Alongside the New 3DS, Nintendo launched two games that were meant to showcase the new c-stick. There was no doubt in my mind that I would love The Legend of Zelda: Majora’s Mask 3D, since it’s a remake of a game I’ve always loved, but Monster Hunter 4 Ultimate was less of a sure thing. Despite a significant cult following, the series never got much headway in the U.S. If Majora’s Mask is the crowd pleaser, Monster Hunter 4 Ultimate is there to prove that the New 3DS can handle hardcore games well. I think this game might be able to buck both the lack of popularity in the U.S. that plagues Monster Hunter and the lack of hardcore gaming that plagues the 3DS, which is saying a lot for this series.
The Monster Hunter series has been around for a long time, but it only really got significant attention in America with its portable entries. I never even tried it until I got the previous 3DS installment as a gift from a friend. The games cast you as a hunter, traveling the land hunting monsters. In this case, there are a few bases, the first one being a port town called Val Habar. Here, you can buy supplies, craft equipment, and select missions. The missions may have you gather 3 of an item, fight a number of small monsters, or fight one of the game’s major boss monsters. Once your mission is selected, you can head out into one of the many field maps to give it a go.
The core of the gameplay involves exploring these maps and hunting monsters. You can choose from among a wide variety of weapon types, and it’s very important to choose one that fits your playing style. You can hit hard with a Switch Axe, move swiftly with Dual Blades, shoot from range with a bow, or mix things up with the new Insect Glaive. Especially when fighting a boss, every misstep is costly, so knowing your weapon is key. There are 11 melee weapons and 3 ranged weapons, so it’s worth giving them each a shot to see what works best. You get access to all of them in the beginning for just that reason. In between combat, you can also participate in mining, fishing, and bug catching.
Whatever you end up doing, you’ll probably end up doing it a lot. Though there are ranks to gain and many missions to complete, the driving force of gameplay is often gathering enough monster body parts, bugs, plants, and ores to forge new equipment. On one hand, this is a good thing. It allows for more customization, and it provides another motivator in a game that’s almost entirely devoid of a story. On the other hand, this also leads to what may be the biggest issue with the Monster Hunter series: it’s extremely repetitive. You will need to finish the same mission over and over before you have enough for a full equipment set, and it gets tedious. If it weren’t for this, I’d have latched on to the series long ago. It remains the biggest issue with the gameplay.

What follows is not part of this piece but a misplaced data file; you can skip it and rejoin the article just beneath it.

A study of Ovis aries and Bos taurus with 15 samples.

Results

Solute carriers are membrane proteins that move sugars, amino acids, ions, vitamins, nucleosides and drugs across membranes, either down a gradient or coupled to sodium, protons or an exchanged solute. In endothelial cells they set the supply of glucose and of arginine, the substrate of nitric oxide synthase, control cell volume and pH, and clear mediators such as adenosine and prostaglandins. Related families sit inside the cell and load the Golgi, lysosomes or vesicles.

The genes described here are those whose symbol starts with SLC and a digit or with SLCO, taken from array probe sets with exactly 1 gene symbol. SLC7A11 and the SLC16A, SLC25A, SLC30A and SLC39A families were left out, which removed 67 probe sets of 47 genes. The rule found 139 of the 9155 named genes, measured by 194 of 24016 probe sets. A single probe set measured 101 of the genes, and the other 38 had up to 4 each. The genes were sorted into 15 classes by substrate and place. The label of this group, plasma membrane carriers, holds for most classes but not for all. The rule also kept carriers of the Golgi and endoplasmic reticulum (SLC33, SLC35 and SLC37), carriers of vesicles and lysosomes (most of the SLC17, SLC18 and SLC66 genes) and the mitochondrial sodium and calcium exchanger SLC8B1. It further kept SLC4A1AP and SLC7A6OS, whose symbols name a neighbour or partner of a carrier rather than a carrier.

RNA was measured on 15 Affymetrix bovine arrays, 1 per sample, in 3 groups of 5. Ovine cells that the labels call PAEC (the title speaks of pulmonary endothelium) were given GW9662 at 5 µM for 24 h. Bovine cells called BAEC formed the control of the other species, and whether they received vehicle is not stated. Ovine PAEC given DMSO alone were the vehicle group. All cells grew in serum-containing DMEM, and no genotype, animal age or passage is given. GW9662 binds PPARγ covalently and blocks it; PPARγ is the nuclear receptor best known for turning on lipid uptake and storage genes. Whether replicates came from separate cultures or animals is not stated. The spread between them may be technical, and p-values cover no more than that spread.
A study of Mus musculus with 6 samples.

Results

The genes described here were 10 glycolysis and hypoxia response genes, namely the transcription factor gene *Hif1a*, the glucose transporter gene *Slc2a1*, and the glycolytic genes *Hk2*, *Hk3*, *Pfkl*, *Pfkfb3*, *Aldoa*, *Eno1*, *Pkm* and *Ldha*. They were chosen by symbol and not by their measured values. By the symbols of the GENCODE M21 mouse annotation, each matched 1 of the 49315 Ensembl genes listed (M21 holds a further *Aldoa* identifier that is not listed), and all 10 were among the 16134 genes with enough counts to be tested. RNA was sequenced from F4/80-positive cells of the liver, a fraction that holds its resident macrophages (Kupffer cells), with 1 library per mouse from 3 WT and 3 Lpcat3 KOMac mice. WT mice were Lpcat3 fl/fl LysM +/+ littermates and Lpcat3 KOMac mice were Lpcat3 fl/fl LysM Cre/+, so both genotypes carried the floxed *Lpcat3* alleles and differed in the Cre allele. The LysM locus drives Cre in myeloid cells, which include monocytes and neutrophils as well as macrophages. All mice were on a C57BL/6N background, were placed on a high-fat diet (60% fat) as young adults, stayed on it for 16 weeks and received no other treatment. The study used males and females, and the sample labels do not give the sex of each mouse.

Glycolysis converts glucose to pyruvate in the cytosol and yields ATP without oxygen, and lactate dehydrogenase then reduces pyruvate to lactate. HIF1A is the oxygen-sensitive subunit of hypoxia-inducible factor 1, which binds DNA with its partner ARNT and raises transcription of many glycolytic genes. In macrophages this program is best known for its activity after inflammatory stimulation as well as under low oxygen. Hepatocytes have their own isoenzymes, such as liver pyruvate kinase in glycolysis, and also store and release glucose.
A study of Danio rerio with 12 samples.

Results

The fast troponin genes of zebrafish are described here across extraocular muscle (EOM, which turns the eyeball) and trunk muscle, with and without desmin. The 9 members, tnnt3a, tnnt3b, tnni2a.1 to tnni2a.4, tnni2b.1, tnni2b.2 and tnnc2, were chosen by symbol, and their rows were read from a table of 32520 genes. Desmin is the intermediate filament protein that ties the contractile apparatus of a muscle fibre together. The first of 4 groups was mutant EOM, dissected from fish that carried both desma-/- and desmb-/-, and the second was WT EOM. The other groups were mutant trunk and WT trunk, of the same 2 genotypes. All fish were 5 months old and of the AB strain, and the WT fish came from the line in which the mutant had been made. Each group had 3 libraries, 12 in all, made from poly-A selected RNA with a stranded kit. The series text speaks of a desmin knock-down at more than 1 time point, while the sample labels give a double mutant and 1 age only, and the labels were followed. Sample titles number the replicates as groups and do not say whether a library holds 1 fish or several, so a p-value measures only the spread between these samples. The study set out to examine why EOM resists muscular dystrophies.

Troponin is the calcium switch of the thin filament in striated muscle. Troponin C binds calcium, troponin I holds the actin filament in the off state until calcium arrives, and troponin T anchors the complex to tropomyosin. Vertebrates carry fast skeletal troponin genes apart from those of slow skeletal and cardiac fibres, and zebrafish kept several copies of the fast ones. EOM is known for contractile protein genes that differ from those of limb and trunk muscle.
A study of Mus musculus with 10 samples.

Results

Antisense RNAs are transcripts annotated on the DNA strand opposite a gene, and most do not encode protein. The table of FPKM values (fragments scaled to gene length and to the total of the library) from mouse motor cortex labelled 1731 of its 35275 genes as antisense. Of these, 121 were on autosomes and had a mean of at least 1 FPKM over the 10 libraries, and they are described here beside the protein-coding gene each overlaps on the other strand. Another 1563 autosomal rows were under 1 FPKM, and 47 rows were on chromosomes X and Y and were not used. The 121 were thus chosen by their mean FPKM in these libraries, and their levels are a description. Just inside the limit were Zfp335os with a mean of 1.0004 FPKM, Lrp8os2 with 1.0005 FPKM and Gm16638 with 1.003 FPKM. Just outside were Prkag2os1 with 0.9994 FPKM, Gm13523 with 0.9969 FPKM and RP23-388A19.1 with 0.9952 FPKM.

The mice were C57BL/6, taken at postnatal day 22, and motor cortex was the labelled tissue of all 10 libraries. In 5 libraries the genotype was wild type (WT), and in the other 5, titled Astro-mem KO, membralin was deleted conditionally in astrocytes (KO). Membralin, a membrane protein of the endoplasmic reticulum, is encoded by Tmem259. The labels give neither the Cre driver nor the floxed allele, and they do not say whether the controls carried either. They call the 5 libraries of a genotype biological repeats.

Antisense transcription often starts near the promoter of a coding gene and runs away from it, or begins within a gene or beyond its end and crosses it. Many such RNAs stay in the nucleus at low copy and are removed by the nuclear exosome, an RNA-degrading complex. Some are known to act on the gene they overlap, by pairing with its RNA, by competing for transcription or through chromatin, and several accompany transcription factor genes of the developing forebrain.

Fortunately, things are better when you’re hunting down a giant boss monster. Nothing beats the feeling of teaming up with a few friends to destroy a massive beast. There is no HP bar for any monster, so you can only tell how well you’re doing by its actions. You’ll need strategy, strength, the right equipment, and some knowledge of the area to succeed. You will also, again, need some friends. Monster Hunter is made for multiplayer, and even though you can take on the multiplayer missions alone, it won’t end well. Monster Hunter bosses have always been quite tough, and that hasn’t changed in this entry. The graphics haven’t changed much either, for better or worse. Like the 3DS version of Monster Hunter 3 Ultimate, it gets what it can out of the portable system, but it’s hard to soak up all of the details, and things are not very clear. Still, for everything that it gives you on a portable, it works better than one might expect.
Quite a few things have changed, though. The biggest update is that this is the first portable Monster Hunter game that supports online multiplayer. This is excellent, because again, the game is meant to be played with others. The online multiplayer works well, so as long as you have Wi-Fi you can enjoy the full extent of the game. This entry is also a lot more accessible than its predecessors, which makes a big difference. Monster Hunter doesn’t explain much, which is a defining feature of the series. You really have to get down and dirty to find your way. This one at least makes it easier to start, with some basic tutorials and a much clearer system for single player missions. It means that the game is less frustrating overall. It also means that newcomers to the series can have some confidence at the starting gate, which is a must for any tough game.
Like its predecessor, Monster Hunter 4 Ultimate supports the Circle Pad Pro, as well as the New 3DS’s C-Stick. Without them, your only options for camera movement are the d-pad and the touchscreen. It’s amazing how quickly you get used to the touchscreen option (the d-pad isn’t in a viable position), but having a second stick is so much nicer. If you are already a fan of Monster Hunter, and you have a New 3DS, you will thoroughly enjoy this game. For everyone else, it’s a more difficult choice. Monster Hunter is really not for everyone. But, if you want to give it a try, there’s no better place to start. Perhaps because of Nintendo’s push, this is the best Monster Hunter game for beginners. While I floundered through Monster Hunter 3 Ultimate until I got guidance from a friend, this one laid things out quite clearly. It’s still quite difficult, as is the Monster Hunter way, but at least now more people can enjoy it. If you’re up for a challenge and don’t mind some serious grinding, there’s a lot you can get out of Monster Hunter 4 Ultimate. If you prefer more story-driven content, though, this is the wrong game for you.